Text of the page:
Elephant poaching and ivory trafficking in East Africa is driven not only by foreign consumers but also by African nationals who actively “push” ivory to these markets.
A recent report, Pushing Ivory Out of Africa: A Criminal Intelligence of Elephant Poaching and Ivory Trafficking in East Africa, released July 20 by Global Eye and the Elephant Action League, summarized a 12-month investigation that involved infiltration of four separate East African networks and found that African nationals play a crucial role in the ivory supply chain.
“They don’t just react to satisfy a request from abroad but proactively make ivory available to buyers,” explains coauthor Andrea Crosta, executive director of the Elephant Action League.
The cells of one of the infiltrated networks, known by investigators as the Cerberus network, all had the same preferred African wholesaler. But they weren’t obligated to sell to that buyer, and that buyer didn’t control their activities.
“It’s often been stated or assumed implicitly that Asian buyers have a lot of control over this. We didn’t find that,” says coauthor Fiachra Kearney, the head of Global Eye, an organization that aims to prevent wildlife, timber, and human trafficking.
The East Africans in the criminal networks “have a lot of control. It’s similar to narcotics and counterfeit goods. You want to control the supply chain as far as you can because you want to control the costs and therefore control the profits.”
One cell in the Cerberus network, CN1, provides a case in point. Cell members did everything from procuring weapons for poachers to killing elephants to transporting the ivory in East Africa.
They sourced ivory in northern Kenya, in and around Tsavo East National Park. Then they transported it by car and motorcycle to Mombasa using numerous lower-level individuals.
Within the network, astute businessmen with vested interests knew how to move illicit goods. They weren’t merely supplying ivory at the request of foreign buyers but were actively seeking places to sell it.
“They’re not going to know certain aspects of the other end of the supply chains in Asia,” Kearney notes, “so they’ll want to find partners. But as far as they can, they’ll hold onto control.”
Adaptable Trafficking Networks
Conventional thinking about how organized crime works for ivory conjures the idea of a crime boss and a mafia-style operation behind him. But that, Crosta says, “oversimplifies the reality on the ground.”
The East African investigation found that the networks can be less hierarchical and more adaptable than commonly assumed.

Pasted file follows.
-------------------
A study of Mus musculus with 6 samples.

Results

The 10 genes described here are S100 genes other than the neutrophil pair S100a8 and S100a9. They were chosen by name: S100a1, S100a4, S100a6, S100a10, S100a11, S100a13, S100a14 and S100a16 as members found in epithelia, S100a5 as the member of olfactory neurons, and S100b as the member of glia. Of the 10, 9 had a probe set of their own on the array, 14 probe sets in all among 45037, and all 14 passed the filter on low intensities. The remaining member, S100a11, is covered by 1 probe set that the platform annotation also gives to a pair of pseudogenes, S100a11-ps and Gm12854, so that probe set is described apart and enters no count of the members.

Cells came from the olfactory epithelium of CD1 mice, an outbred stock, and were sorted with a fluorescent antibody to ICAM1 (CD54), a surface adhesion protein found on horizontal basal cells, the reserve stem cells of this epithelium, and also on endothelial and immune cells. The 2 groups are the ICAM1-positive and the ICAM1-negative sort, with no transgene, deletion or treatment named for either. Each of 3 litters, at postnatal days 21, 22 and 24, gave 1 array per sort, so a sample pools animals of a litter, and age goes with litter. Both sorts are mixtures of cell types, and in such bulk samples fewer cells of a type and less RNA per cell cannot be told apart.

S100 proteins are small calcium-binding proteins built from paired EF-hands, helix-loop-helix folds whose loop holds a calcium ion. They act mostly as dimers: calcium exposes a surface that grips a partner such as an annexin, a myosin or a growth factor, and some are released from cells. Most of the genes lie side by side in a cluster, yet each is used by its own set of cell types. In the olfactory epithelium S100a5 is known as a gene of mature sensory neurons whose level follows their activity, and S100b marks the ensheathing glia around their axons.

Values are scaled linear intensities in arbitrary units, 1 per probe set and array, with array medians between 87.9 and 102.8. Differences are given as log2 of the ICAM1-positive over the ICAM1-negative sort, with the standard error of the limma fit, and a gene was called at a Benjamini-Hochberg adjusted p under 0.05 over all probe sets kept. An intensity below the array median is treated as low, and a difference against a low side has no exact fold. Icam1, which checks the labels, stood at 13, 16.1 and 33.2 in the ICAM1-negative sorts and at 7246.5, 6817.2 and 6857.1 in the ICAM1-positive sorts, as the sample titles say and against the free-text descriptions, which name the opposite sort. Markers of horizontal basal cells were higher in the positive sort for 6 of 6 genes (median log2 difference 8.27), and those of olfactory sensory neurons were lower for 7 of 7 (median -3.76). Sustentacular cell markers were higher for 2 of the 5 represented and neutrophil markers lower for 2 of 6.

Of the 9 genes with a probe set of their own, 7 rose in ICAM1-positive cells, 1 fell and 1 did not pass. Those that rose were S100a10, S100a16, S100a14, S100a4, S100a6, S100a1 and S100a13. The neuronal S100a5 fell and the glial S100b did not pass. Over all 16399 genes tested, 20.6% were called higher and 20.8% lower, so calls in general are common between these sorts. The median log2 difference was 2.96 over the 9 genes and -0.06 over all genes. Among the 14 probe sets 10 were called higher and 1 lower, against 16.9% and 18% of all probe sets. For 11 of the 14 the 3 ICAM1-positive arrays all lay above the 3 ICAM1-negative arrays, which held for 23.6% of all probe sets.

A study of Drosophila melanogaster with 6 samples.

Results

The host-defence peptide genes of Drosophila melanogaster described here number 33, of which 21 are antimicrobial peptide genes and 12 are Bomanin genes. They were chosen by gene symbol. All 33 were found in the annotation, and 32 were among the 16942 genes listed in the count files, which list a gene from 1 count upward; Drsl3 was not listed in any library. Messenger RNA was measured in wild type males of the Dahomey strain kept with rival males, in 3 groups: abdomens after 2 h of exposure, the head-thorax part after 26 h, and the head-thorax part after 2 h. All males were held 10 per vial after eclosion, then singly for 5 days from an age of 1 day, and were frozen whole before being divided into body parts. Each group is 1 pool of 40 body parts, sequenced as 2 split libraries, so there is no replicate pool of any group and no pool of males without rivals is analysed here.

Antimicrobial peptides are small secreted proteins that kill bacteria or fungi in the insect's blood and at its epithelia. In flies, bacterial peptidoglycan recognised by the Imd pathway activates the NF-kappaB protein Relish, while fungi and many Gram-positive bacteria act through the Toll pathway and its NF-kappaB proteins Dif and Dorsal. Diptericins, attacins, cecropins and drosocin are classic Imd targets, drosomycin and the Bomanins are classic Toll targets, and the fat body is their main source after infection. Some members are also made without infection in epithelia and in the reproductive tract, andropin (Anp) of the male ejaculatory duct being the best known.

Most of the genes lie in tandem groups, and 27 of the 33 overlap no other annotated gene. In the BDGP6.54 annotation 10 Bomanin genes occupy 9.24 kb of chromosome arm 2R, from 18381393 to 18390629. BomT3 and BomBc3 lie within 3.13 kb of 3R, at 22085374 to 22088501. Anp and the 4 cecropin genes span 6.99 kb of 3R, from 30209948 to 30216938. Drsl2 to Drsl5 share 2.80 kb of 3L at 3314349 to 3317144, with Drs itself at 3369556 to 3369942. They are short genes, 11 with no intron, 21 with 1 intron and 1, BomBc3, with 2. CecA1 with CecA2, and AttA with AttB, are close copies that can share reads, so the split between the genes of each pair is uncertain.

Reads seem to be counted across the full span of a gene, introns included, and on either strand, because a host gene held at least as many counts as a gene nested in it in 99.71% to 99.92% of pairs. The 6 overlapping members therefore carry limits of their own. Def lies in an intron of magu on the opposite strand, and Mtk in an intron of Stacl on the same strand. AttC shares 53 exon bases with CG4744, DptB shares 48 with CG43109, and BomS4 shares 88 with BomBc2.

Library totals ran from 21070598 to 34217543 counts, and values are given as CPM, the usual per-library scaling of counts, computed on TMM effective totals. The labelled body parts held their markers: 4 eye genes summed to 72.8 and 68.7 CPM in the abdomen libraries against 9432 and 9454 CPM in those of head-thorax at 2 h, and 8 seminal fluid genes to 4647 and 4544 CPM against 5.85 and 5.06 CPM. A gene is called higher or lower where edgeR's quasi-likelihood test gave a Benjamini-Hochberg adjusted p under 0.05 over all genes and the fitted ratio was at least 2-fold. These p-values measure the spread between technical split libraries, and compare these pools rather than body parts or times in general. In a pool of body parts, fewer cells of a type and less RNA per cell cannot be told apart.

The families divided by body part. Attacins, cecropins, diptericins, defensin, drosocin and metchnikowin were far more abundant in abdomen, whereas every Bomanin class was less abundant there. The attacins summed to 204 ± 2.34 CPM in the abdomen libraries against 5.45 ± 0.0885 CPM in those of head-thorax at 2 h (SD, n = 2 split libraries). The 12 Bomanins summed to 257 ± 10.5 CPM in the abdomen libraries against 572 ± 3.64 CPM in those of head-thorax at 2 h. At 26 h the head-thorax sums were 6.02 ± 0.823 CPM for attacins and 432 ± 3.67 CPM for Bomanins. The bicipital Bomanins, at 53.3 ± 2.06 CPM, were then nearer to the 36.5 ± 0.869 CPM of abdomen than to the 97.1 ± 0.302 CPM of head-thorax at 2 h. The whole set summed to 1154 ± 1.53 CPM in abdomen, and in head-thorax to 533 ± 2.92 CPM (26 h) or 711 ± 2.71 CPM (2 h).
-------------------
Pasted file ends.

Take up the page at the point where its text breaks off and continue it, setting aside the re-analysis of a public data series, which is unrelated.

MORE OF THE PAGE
When two suspects in the CN1 cell were killed by police, the cell continued to operate, but in a modified way.
The investigation found that when one person is removed—shot or arrested—the networks reorganize themselves either by filling the gap internally, sharing tasks with other cells, or employing someone new. Then it’s back to business as usual.
Often, the removal of an individual means more profit for somebody else.
“This is quite possibly one of the reasons why what’s often touted as a ‘win,’ like the arrest of supposed ringleaders in Africa, such as Feisal Mohammed Ali, have little impact,” Kearney says.
Ali, a Kenyan national, was caught last December in Tanzania after he escaped from Kenyan authorities and Interpol had put him on its list of most wanted environmental criminals. “His arrest didn’t stop the movement of ivory out of East Africa,” Kearney says.
This adaptability implies that if law enforcement is to break trafficking networks in East Africa, efforts should be expanded from anti-poaching to also “mapping” the members and organization of those networks, which are often separate, isolated units operating independently along the supply chain.
At the same time, focusing on reducing consumer demand is crucial, Kearney says, “but markets are neither static nor predictable. These guys have invested a lot of time and energy into the business and can respond to favorable dynamics. They have the networks to move ivory. They can continue to harvest ivory, pack it up, and ship it off.”
“It’s never as simple as it looks,” Crosta says. “Every time we start looking in the wrong direction, that’s one more point for the bad guys.”
Laurel Neme, Ph.D., is the author of Animal Investigators: How the World’s First Wildlife Forensics Lab is Solving Crimes and Saving Endangered Species (Scribner, 2009) and Orangutan Houdini (Bunker Hill Publishing, 2014). As a freelance journalist, she focuses on wildlife trafficking, conservation, and science.